An Essential Guide to Wild Camping

Camping and caravanning is one of the most popular staycations in the UK. In fact, over 9 million trips were made to popular sites across the four nations in 2019, with that figure hopefully getting back to normal once restrictions are eased.

But whilst these trips are made to official campsites and holiday parks, there’s something known as wild camping that’s also a popular pastime for happy campers. It gives people the chance to sit under the stairs in stunning rural locations.

Today we’re going to share an essential guide on what it is, the legal aspects of camping in the wild, and the essentials you need should you decide to discover the great outdoors.

What is wild camping?

Essentially, wild camping is a concept where you set up camp outside of a campsite or caravan park and sleeping in the wilderness. People often camp in the wild if they’re completing a multi-day hike and need somewhere to stay that offers peace and tranquillity.

It can be daunting process if you’ve never done it before, so keep reading below for more information on how to wild camp in the UK. 

The legal side

When it comes to the legalities of wild camping, it’s important to remember where you are before you decide to set up pitch. In England, Northern Ireland and Wales, wild camping is technically illegal if you don’t seek permission from the landowner — although there is the odd exception to the rule.

In Scotland, the picture is slightly different. As part of Scotland’s access legislation, the Land Reform (Scotland) Act 2003, campers can use most unenclosed land to get their heads down for the night.

Although, there’s a greater level of freedom in Scotland, there’s still areas where you need seek the landowner’s permission or have a permit. Areas of Loch Lomond and the Trossachs National Park are subject to wild camping byelaws, meaning that you must use designated campsites due to overuse.

It’s also important to follow these guidelines whether you wild camp, whether that’s in England, Northern Ireland, Scotland or Wales:

  • Use a stove instead of a fire
  • If you light a fire, keep it small
  • Leave the area as you found it
  • Use public toilets where possible
  • Ask residents if it’s okay to camp near their property
  • Don’t litter and tidy up after yourself

Most searched for spots

Just like the most popular caravan sites, wild camping has its favourite hotspots amongst keen campers. Based on Google Trends data in 2020, these areas in the UK are the most popular places for wild camping.

Dartmoor wild camping – 2400

Dartmoor is an upland area located in the South of Devon. Its moorland and surrounding land have been protected by National Park status since 1951. Its status as a National Park makes it one of the most popular and stunning places to visit in the UK.

Dartmoor is one of the only spots in England where you can wild camp freely. Just make sure you check which area of the National Park you are in before you set up camp, as some areas are still restricted.

Lake District wild camping – 2400 searches

The Lake District is another area of the UK that’s known for stunning beauty and rural appeal – and holds the title for being the UK’s biggest National Park.

It sits in joint first place for wild camping searches with Dartmoor. You will need to seek permission from the landowner first to go wild camping, but we can see why so many people search for the area.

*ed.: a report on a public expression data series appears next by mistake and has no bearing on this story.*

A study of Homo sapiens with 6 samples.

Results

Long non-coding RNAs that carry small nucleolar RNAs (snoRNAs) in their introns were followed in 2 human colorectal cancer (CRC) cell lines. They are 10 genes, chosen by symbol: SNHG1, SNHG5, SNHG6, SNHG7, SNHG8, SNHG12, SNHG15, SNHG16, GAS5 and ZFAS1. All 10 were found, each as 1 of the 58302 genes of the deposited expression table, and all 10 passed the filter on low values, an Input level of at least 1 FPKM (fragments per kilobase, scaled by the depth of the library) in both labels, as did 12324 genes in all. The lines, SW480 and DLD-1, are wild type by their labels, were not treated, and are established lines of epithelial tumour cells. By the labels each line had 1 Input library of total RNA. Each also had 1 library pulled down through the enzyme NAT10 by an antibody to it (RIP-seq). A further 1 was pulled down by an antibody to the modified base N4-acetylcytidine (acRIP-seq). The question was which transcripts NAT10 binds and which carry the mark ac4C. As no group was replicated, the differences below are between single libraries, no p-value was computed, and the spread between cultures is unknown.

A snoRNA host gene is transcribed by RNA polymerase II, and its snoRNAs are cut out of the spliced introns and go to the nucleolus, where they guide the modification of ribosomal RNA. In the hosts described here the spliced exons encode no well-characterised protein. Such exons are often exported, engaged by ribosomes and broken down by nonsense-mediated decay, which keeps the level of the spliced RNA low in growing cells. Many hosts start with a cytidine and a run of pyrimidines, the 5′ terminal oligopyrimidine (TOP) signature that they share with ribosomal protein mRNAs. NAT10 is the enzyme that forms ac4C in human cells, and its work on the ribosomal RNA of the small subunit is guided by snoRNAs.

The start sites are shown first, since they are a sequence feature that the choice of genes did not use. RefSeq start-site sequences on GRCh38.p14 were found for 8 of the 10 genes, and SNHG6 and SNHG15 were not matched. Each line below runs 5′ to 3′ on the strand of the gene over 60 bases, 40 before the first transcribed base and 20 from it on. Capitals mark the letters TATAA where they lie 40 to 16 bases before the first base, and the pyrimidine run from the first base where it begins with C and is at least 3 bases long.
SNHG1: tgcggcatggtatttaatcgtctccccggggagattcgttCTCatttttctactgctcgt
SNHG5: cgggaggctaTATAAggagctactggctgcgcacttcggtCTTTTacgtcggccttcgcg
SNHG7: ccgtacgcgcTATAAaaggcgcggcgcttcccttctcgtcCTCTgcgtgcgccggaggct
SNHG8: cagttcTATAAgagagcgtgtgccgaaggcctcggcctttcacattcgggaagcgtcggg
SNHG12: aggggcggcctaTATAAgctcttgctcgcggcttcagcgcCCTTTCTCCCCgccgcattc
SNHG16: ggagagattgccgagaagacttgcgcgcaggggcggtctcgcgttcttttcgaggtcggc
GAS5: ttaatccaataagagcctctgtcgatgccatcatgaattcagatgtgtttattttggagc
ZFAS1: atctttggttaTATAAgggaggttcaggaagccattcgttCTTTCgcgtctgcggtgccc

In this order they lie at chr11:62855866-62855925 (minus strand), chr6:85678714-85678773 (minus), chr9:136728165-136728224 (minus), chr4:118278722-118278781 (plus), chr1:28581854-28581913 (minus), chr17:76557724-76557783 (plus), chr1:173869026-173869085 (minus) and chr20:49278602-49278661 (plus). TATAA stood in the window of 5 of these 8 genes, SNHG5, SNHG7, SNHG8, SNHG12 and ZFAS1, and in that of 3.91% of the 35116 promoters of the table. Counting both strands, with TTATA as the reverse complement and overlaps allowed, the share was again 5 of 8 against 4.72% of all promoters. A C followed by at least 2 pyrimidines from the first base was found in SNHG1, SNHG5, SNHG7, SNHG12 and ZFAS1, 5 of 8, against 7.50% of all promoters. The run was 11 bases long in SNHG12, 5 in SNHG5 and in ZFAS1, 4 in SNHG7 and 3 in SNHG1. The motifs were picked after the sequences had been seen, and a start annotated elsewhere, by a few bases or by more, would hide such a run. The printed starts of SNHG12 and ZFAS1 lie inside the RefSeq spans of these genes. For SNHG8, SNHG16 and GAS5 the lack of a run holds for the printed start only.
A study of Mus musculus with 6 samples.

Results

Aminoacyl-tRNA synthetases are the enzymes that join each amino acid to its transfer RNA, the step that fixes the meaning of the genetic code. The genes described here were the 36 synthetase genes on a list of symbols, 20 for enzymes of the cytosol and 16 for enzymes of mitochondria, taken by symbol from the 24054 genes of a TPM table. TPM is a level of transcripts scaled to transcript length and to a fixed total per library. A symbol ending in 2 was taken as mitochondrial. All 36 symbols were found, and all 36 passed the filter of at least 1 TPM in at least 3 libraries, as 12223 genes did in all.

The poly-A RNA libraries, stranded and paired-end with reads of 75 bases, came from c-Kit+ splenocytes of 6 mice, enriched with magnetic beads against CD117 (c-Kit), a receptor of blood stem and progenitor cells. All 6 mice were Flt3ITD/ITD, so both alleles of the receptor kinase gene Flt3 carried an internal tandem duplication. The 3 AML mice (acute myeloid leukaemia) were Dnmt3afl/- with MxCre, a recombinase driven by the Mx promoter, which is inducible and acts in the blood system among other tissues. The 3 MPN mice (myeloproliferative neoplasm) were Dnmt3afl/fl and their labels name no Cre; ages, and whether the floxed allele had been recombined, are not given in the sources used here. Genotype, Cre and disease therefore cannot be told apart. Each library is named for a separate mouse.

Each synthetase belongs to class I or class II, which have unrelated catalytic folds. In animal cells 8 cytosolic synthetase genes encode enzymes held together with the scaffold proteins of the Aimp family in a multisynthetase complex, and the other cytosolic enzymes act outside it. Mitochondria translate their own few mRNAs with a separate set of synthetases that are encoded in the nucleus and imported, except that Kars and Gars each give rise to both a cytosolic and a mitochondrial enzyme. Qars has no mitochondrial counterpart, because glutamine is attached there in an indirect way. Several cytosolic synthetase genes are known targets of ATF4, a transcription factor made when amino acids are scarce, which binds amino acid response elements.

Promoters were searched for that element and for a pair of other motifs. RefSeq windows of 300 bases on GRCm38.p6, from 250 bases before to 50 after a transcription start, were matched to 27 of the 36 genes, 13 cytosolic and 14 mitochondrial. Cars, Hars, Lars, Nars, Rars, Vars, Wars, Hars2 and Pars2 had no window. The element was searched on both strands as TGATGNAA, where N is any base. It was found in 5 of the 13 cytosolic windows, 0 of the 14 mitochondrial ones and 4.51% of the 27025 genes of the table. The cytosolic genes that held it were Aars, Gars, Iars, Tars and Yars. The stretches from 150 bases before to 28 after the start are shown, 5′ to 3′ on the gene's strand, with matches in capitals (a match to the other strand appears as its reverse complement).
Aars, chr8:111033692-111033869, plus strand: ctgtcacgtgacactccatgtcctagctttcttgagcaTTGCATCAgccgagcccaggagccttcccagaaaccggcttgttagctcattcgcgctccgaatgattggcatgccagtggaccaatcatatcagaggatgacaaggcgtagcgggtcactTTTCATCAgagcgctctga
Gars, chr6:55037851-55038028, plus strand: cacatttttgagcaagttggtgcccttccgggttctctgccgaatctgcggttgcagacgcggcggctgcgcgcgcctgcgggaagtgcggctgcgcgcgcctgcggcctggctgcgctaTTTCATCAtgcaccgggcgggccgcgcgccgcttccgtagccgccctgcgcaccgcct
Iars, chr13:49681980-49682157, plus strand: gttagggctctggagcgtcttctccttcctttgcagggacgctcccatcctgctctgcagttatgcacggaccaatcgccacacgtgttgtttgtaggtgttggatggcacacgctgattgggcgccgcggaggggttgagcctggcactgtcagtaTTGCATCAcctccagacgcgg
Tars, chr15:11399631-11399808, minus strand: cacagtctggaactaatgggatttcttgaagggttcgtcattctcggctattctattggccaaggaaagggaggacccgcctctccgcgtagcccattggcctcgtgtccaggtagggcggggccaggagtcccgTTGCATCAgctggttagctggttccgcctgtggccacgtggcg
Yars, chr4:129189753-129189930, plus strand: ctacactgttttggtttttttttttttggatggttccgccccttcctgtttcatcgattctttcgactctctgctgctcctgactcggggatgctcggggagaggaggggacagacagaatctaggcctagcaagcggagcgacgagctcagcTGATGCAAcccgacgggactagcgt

Peak District wild camping – 1600 searches

Much like the Lake District, the Peak District doesn’t allow wild camping in areas of the National Park without seeking permission from the landowner.

Its central location and beautiful scenery make it such a popular place to visit, so if you do have the green light from the landowner then you’re in for memorable treat.

Brecon beacons wild camping – 880 searches

Third on our list and the third National Park that doesn’t legally allow people to camp freely without seeking permission first.

Located in South Wales, if you do have permission to camp then you’ll get to experience the gorgeous mountain ranges and miles of open green space to walk in. It’s truly a breath-taking area of the UK and one that everyone should experience at least once.

Snowdonia wild camping – 880 searches

Snowdonia makes up our list for the most popular wild camping searches. Much like its counterparts, excluding Dartmoor, you can’t just turn up and pitch your tent, but if you can get permission you’re again in for an experience that will last a lifetime.

It’s the largest National Park in Wales and offers visitors stunning views, long stretches of green space and the challenge of reaching the summit of the largest mountain in Wales. 

Don’t forget the essentials

So you’ve picked your spot, sought the landowners permission, and now you’re ready to go wild camping. But what do you take with you? Well, you need somewhere to sleep, so you’ll need a tent, along with a sleeping bag and other sleeping equipment.

When it comes to a tent, it’s practical to have one that’s easy to carry, especially if you’ve found more than one spot to rest your head. Make sure you research the best backpacker tents that suit your needs.

For cooking, it’s important to remember your trusty portable stove. It will allow you to cook all kinds of food and you won’t need to rely on a fire — that could be damaging for the surrounding area.

Don’t forget your supply of bottled gas and eating equipment or you may be left with a hungry belly. You may struggle for signal in rural areas too, so take a map with you. If only to embrace nature instead of technology.

That completes our essential guide to wild camping in the UK. Always remember to stay safe and if you need to, seek permission before you set off on your travels.